Global reliance on auctions is thwarting the growth of renewables and failing to provide fair access to the market for small-scale industry players, new research suggests.
A wider policy mix, therefore, is "urgently required” to allow for an expansion of renewables, according to the study commissioned by think tanks Energy Watch Group, World Future Council, Global Renewables Congress and Haleakala Stiftung.
The report, which is based on an analysis of more than 20 markets, says auctions have a “poor track record” in achieving countries’ deployment targets, in part due to them being undersubscribed as well as project delays or cancellations.
Meanwhile, economies of scale favouring large projects, the need to bear the sunk costs of unsuccessfully bid projects and the costs of capital are said to create competitive advantages for larger actors, to the detriment of new players looking to break into the market.
“The findings of the report clearly show that auctions are a crucial factor hindering the exponential growth of renewables,” said Energy Watch Group president Hans-Josef Fell. “This alarming trend jeopardises international governments’ compliance with the climate targets agreed in Paris.”
Among the countries that have carried out renewables auctions in 2020 are Germany, France, India, Poland and Portugal, with the latter receiving a record tariff of US$0.0131/kWh. Next year will see Spain, Chile, Colombia and the UK, among others, carry out auctions to help drive clean energy project development.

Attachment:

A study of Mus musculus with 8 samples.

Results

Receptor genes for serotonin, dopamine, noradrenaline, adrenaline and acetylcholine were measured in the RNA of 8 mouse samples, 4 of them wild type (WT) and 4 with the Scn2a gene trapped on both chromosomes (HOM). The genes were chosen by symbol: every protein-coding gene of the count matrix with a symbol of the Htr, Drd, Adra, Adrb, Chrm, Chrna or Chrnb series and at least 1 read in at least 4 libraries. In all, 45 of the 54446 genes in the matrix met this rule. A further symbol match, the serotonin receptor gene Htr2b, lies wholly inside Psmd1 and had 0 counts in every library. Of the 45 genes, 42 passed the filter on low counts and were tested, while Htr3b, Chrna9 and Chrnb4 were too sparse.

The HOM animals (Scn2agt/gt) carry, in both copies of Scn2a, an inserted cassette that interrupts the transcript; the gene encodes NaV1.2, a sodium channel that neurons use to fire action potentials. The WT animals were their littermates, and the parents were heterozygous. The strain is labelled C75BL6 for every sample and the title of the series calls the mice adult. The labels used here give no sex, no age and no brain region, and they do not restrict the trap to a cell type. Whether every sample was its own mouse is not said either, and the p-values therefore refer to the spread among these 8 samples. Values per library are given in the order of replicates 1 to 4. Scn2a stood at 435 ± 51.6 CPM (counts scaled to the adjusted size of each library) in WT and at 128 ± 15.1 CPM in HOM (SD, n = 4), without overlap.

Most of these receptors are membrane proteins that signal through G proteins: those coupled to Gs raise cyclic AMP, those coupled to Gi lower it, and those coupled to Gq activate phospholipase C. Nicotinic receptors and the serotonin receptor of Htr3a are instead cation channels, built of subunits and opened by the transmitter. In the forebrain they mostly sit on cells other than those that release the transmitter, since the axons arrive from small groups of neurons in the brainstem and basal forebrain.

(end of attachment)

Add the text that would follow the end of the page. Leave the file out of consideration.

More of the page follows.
The study says that sufficient time has passed since auctions were first introduced in a large number of countries, meaning conclusions can now be drawn from their results.
While acknowledging that they have become an “important ingredient in the renewable energy policy toolkit”, the report says auctions often exclude small and medium-sized projects, which, if constructed, can provide a boost for local employment and regional development. It adds that experience from around the world shows that auctions “have been broadly unsuccessful” at encouraging a range of project sizes simultaneously.
Anna Leidreiter, project lead global renewables congress at World Future Council, said a political framework that opens up the energy market for new players is needed. “This study shows that auctions alone cannot serve this purpose.”
Depending on the market segment, the report authors call for feed-in tariffs or feed-in premiums for small and medium-sized projects, the use of self-consumption policies for very small-scale projects and for the continued use of auctions for large-scale projects.